Long Island Attorneys Protect Your Business from Your Divorce

Decisive steps to secure your right to ownership and control

At Bryan L. Salamone & Associates, P.C., we represent many entrepreneurs who put their life blood into their business, only to find when they divorce that their spouse has ownership rights which threaten their continued operation. Often, they do not have enough assets to off-set a court award of the business to them exclusively. That means they have to continue running the business with their ex looking over their shoulders, find an equity partner to buy the ex out, or sell out themselves. For these clients, our attorneys take an aggressive approach to litigation, looking for evidence in your business documents or customary practices that argue against co-ownership. We can often negotiate favorable terms that allow our clients to maintain control of operations, while providing a reasonable income to the ex-spouse for a reasonable time. When you choose Long Island’s largest and busiest divorce law firm, you get vigorous representation that protects your financial and emotional investment.

Preplanning to divorce-proof your business

Although most of our clients come to us when divorce is imminent, we also counsel clients on protective measure they can take before a divorce. If you have a business you started, or one that’s been in your family, you can take decisive steps to maintain ownership and control in the event that marital asset division becomes necessary. Key steps include:

  • Prenuptial and postnuptial agreements — A marital agreement can designate a business as separate property so that it is not tossed into the marital pool and divided according to the laws of equitable distribution. For a marital agreement to be valid, it must be voluntary without any hint of coercion, and not so one-sided that the court will throw it out as unconscionable. To avoid these pitfalls, both spouses should disclose their finances and negotiate the agreement (each with their own attorneys) well in advance of signing.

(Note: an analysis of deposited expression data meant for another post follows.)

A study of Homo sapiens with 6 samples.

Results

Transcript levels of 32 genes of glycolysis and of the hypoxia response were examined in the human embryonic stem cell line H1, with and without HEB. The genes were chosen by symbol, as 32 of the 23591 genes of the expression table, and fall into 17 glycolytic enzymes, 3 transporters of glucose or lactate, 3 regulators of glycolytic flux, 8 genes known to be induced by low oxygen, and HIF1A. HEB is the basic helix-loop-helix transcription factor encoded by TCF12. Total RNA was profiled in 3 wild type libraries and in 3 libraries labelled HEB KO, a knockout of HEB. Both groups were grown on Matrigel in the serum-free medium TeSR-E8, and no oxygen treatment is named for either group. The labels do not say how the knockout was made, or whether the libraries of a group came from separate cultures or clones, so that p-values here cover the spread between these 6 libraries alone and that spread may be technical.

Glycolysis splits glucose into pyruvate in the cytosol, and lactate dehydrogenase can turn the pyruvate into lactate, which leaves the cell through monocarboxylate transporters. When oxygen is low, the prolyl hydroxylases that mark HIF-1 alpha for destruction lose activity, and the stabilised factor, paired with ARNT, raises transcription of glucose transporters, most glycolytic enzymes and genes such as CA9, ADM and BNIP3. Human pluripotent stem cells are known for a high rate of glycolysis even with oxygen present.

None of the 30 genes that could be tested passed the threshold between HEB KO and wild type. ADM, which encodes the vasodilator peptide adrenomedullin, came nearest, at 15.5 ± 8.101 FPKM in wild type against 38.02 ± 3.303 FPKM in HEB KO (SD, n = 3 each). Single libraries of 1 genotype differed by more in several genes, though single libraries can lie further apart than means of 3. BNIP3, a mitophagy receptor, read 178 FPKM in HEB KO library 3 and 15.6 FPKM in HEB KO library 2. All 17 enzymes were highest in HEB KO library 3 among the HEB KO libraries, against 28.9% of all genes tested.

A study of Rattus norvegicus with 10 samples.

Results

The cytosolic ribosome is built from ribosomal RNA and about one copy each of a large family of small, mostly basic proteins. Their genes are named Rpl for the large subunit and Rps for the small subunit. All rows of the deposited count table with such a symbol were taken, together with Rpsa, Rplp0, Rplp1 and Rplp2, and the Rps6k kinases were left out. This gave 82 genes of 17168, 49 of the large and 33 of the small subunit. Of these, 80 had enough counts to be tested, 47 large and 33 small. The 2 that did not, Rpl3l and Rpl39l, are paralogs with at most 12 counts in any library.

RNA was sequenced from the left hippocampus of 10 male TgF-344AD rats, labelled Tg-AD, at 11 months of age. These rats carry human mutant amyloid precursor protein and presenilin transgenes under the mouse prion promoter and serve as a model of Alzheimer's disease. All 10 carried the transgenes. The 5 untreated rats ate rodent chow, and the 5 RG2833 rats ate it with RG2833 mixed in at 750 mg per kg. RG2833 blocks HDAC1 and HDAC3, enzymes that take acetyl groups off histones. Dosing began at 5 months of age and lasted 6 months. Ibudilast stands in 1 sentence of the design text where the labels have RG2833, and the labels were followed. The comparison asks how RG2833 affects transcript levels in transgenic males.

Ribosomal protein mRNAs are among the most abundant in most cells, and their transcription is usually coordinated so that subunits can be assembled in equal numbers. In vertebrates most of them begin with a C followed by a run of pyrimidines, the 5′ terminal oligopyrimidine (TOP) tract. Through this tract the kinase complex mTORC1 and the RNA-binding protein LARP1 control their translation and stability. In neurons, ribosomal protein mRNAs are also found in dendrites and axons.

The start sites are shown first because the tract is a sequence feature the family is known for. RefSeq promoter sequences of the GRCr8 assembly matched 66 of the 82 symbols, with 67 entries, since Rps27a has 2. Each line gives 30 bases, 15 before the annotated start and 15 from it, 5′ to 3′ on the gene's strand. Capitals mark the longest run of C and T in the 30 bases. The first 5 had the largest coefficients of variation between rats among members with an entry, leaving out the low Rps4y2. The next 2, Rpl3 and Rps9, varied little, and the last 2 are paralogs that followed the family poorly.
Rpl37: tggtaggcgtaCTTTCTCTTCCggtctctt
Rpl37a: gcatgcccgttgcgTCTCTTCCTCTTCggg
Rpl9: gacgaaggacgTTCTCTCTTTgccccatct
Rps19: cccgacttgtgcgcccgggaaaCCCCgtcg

• Operating agreements that lock out your spouse — Incorporation offers many protections, including a clear statement about who has the rights of ownership and control. It is important not only to yourself, but to your shareholders and partners, that you take steps to protect the business from the possible divorce of any key stakeholders. The entity (LLC, LLP, etc.) can require unmarried participants to obtain a prenuptial agreement along with a waiver of the intended spouse’s claim to future interest. Partnership and shareholder agreements can also prohibit the transfer of interest to a spouse during a divorce, so that the owners maintain control of the entity.
  • Draw a competitive salary — Many entrepreneurs pay themselves a minimal salary and reinvest profits to grow the company. This sets a spouse up to make an equitable claim for ownership for having been deprived the tangible benefit of a share in the overall income. Ironically, greater benefits to your spouse from the business during marriage reduce his or her claim in equity after the marriage.
  • Limit your spouse’s involvement — Your spouse’s claim to a portion of the business relies on the business being perceived as a marital asset. Unless you held the business as an asset before marriage, or was declared separate in a marital agreement, there is little you can do to insulate the business completely. However, if you allow your spouse to invest money in the business, participate in operations or make decisions for the company, you may be making your spouse a de facto partner.
  • Buy out your spouse — Finally, you can concede that your spouse has an ownership interest in the business and formally purchase that interest. You must make sure to memorialize the transaction with a contract that states precisely what ownership rights exist and what your spouse is surrendering by signing and accepting compensation.

When business owners come to us for divorce, we immediately investigate the circumstances surrounding their business for any evidence that they’ve done any or all of the above, even unwittingly. Often, customs and practices have as much weight as written agreements. If you’ve been the driving force behind your business with minimal assistance from a spouse, we believe you should be able to retain ownership and control, and we fight to deliver that result.

Trust Long Island’s largest divorce law firm to safeguard your business

You’ve put blood, sweat and tears into your business; we’ll fight to help you keep it. An experienced attorney from Bryan L. Salamone & Associates, P.C. can provide the aggressive representation you need to maintain ownership and control of your business. Call us immediately at 1.631.479.3839 or contact us online to schedule a free initial consultation.